Training: Studying Video Tape

If a move works at the highest levels of competition, it will probably work for you. Take the time to acquire and study footage of our nations and worlds best wrestlers. I videotaped the 1984 Olympics on my home VCR and have been copying and buying tape of world class competition ever since. I have a huge library of videos from the NCAA, World and Olympic Championships from 1984 to the present. I like to study high school state championships too, because the kids are often more creative and aggressive than the more experienced wrestlers. If you are a high school coach, you should study your state/provincial and semi finals tapes to see what the best wrestlers and teams in your state/province are doing to be successful.

My friend, Donn Ernst, was on the U.S. National Team Coaching staff throughout the 1970's. He videotaped our U.S. Team, as well as the Russians and other top wrestlers at the World Championships throughout the 1970's and 1980's, and he is still an avid collector of wrestling video today. Donn takes the time to edit and organize his video library carefully and has shared much of his collection with me. I call him my video guru. His nightly video sessions at my summer camp are very popular and effective learning sessions.

A couple other video gurus, Dave Bennett and Gordon Connell, have filmed and edited some great stuff over the years. Gordon made two hour tapes of Sergei Beloglazov and Ardsen Fadzaev competing in the World and Olympic Championships during the late 80's and 90's. I studied these films over a dozen times and learned a new move every time. These two Russians had an array of very precise techniques, and I have shared many of them with my students over the years. Gordon has recently been making edited highlights of the NCAA Championships, while Dave has been editing tapes of World Championships for USA Wrestling. I have purchased many of these tapes and found them to be valuable learning tools for me and my students.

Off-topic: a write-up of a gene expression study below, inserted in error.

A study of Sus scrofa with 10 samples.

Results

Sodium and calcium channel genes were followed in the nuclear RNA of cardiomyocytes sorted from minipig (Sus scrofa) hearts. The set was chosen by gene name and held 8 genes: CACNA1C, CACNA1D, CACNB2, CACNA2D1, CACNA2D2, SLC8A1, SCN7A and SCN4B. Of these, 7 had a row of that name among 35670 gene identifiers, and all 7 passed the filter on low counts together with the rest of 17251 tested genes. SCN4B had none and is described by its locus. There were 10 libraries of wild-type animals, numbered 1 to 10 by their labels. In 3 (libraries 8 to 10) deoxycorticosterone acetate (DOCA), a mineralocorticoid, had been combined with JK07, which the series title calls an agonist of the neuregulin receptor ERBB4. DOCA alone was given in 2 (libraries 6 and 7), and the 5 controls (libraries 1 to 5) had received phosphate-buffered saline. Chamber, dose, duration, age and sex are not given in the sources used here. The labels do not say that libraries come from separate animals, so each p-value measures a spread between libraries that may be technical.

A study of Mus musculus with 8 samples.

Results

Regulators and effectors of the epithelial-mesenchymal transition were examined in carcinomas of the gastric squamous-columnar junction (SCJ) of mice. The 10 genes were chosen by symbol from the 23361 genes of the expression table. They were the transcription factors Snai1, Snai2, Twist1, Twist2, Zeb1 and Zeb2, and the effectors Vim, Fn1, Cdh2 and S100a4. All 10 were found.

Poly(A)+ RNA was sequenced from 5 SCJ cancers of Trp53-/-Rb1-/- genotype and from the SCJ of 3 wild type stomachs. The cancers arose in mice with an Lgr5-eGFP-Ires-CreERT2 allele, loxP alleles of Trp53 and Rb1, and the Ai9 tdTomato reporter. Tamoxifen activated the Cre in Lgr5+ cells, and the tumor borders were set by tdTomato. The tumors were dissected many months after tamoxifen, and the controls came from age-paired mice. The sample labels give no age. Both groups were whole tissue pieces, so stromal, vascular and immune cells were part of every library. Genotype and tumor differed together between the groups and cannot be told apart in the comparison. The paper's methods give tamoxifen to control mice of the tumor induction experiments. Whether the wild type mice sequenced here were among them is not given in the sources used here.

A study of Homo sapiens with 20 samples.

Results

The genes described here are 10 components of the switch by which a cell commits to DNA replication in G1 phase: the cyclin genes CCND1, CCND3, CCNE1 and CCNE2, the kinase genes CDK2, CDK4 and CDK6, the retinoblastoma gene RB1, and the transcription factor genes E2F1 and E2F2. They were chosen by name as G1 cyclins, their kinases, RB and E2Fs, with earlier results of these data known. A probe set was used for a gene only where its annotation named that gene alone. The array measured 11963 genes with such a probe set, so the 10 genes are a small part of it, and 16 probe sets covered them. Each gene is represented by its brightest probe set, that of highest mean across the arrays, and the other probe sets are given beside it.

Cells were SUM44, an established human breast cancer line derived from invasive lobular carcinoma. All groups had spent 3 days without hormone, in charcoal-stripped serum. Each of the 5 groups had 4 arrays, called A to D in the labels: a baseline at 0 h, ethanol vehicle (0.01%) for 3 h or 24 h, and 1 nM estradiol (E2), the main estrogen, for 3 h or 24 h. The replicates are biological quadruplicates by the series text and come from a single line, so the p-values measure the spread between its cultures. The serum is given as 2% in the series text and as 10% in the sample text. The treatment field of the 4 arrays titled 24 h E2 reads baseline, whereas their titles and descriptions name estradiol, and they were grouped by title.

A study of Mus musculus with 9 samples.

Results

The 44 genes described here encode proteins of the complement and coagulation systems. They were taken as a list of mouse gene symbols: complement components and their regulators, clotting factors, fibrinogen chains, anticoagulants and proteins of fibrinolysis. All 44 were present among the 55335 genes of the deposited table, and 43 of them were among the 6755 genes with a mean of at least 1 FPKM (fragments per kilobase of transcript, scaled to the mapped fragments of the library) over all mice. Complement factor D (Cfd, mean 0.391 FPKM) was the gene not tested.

It is very important to stay current. Wrestling styles, techniques and strategies slowly change over time. If you do not keep up, you may get left behind. Look at the evolution that has occurred in football over time, with coaches creating new offenses and defenses to get an edge on their opposition. Wrestling is similar. You need to work new techniques into your team's program or individual style over time if you wish to stay on top of your game.

Not only is watching live matches and highlight clips educational, it is also motivational and entertaining. When I coached with Russ Hellickson at Ohio State, he made a highlight tape of our team annually and set it to some motivational music. My students get pumped when I show them portions of these tapes before practice. I also have a personal highlight tape from my career at Penn State. I edited live clips of the moves I show on my instructional videos, and put them on a separate highlight video. I use this as a learning tool, showing my wrestlers the technique I am going to teach on film before showing it to them in person. My wrestlers get a kick out of watching me wrestle, and it serves as a great learning tool.

I wish I had known the different techniques I know now during my competitive career. I started to realize how valuable of a learning tool video could be early in college. Unfortunately, I was so busy with school work and physical training that I barely had enough time to watch my own tapes, let alone scout others, study instructional videos or review tapes of NCAA's. While coaching at Ohio State and Penn State I was able to make the time to study video extensively, and now that I run my own program I am able to make the time to review video tape extensively. Video tape has expanded my knowledge tremendously over the past decade and I know it has help make me a much better coach. Take the time to study those tapes. It well be well worth your effort and you and your students will reap the rewards.

It does not matter who believes in you as long as you believe in yourself. If you wish to excel in wrestling or life, you must have meaningful, concrete goals and you must believe deep down inside that you will achieve them. I encourage you to make a commitment to achieving your highest goals today!

Ken Chertow is a former NCAA All American and US Olympian. He regularly conducts wrestling camps throughout the USA.